For centuries artists have responded to other artists’ works by creating new works of art. As Artistic Director of WordBRIDGE Playwrights Laboratory, one of my goals has been to push the reactions offered to playwrights out of the rhetorical and didactic and into the creative and evocative. Following in the WordBRIDGE and Sundance tradition of an interdisciplinary roster of resources available to respond to new works, I have involved psychologists, mathematicians, visual artists, storytellers, musicians, clowns and mimes, as well as a full roster of professional theatre artists in responding to the new works developed by pre-professional playwrights from around the U.S. during our two and a half week long laboratory. Many of these artists create new works of art to express their reactions to the playwrights’ works. It is my vision that WordBRIDGE should be a laboratory in which playwrights can experiment freely with their works AND a laboratory in which a broad range of artists and professionals can hone their skills in responding to new works and develop new techniques for exploring
and discussing new plays.
During my September trip to the Lubimovka Festival in Moscow, Russia, I presented a workshop with Erik Ramsey (Director of Innovation, Research and Theory at WordBRIDGE) on various strategies for artists responding to new plays at WordBRIDGE Playwrights Laboratory. Since feedback after the readings of new Russian plays is largely unstructured, this proved of particular interest to the Russian playwrights and mentors present (which included playwrights Maksym
Kurochkin and Yury Klavdiev, who were featured in the
Towson/CITD New Russian Drama project).
Sanctuary of the Great Gods at Samothrace
Amy Sowder, Assistant Professor, Department of Art + Design, Art History, Art Education
I have been involved in the excavations at the Sanctuary of the Great Gods on Samothrace (Greece), under the direction of James R. McCredie, Professor Emeritus of the New York University Institute of Fine Arts, since 2002. In the last several years, my primary research interests in the Sanctuary have been the reconstruction and interpretation of the decorated marble ceilings that adorned at least three major buildings along the processional route through the sacred space. These sculpted ceilings represent a major investment of artisanship and expense for the Sanctuary. The number of buildings in this sacred precinct given this elaborate treatment is rivaled only by the Athenian Akropolis, which has the same number of similarly treated structures but does not approach the ingenuity of design seen in the Samothracian ceilings.
The Hall of Choral Dancers, so‐named because of a striking frieze of sculpted dancers gracefully surrounding the entire perimeter of the massive structure, is the largest and most central building in the Sanctuary. Built in the third quarter of the fourth century BCE, it is also the earliest of the all‐marble constructions. It previously has been suggested that this building may have been dedicated by Philip II, father of Alexander the Great, himself, whom we know to have been an initiate into the mystery cult and legendarily met his future wife (and mother of Alexander), Olympias, at the site. The quality and character of the sculptures from the ceiling, which feature finely carved portrait heads resembling Greek gods, heroes, and portraits of the Macedonian royal family, certainly suggest such an elite donor. My task has been to reconsider the archaeological evidence for the ceiling and its dispersal across the architectural space in light of new excavations in the last decade, to prepare a reconstruction of the ceiling scheme, and to reinterpret the significance of the presence of these gods, heroes, and kings co‐inhabiting the architectural space with the newest initiates into the cult.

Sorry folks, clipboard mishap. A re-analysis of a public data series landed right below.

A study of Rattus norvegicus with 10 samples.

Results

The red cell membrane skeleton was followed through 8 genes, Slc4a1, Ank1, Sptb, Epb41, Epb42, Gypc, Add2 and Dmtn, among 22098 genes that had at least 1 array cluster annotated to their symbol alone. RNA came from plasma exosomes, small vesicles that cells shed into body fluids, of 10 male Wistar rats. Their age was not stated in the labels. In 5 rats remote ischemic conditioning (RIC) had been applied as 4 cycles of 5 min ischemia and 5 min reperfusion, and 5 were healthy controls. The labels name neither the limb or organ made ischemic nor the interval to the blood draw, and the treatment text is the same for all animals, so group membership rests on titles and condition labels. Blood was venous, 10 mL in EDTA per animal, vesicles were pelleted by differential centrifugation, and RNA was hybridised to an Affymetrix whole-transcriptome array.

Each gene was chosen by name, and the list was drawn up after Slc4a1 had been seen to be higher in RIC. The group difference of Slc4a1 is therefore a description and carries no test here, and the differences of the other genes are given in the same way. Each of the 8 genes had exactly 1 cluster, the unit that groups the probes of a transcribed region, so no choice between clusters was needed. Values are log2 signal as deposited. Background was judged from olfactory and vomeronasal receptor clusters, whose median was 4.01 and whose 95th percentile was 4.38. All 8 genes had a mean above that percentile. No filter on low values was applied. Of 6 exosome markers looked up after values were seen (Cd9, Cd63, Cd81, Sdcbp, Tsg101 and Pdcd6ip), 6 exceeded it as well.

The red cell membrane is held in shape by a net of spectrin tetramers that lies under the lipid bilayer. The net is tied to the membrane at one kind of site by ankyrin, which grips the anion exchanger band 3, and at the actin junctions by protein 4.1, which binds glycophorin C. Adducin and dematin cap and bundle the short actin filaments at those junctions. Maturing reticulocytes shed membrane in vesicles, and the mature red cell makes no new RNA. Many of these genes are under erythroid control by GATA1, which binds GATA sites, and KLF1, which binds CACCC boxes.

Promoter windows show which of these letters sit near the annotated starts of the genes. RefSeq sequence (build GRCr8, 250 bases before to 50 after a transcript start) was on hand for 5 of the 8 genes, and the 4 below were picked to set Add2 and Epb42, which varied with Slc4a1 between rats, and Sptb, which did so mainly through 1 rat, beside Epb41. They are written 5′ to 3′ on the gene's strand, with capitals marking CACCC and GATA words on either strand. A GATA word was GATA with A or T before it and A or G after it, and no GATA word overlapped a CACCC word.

As if the Sixties never happened: A singing cop, Baltimore’s last minstrel show, and the newspaper narratives that accompanied a First Amendment battle
Stacy Spaulding, Assistant Professor, Department of Mass Communication & Communication Studies
This paper explores a 1982 NAACP protest of blackface minstrelsy by a white performer – a Baltimore cop who fought and won a First Amendment battle with the police department over his right to perform. This research explores the historical continuities between the antebellum roots of minstrelsy and this 20th century episode, shedding light on contemporary white working class attitudes toward race. This paper found that newspaper coverage acknowledged the existence of the blackface performance before the protest without editorial comment, yet after the protest called for negotiation and compromise. This research suggests the protest, though limited in scope, influenced the politics of racial representation both at the newspaper and in the police department.
College of Fine Arts and Communication
Center for the Arts, Room 3001 (map)
Hours: Monday - Friday, 8 a.m. - 5 p.m.
• COFAC faculty and professional staff members submit your proposal for the next COFAC Colloquium. The deadline is Jan. 22 2010.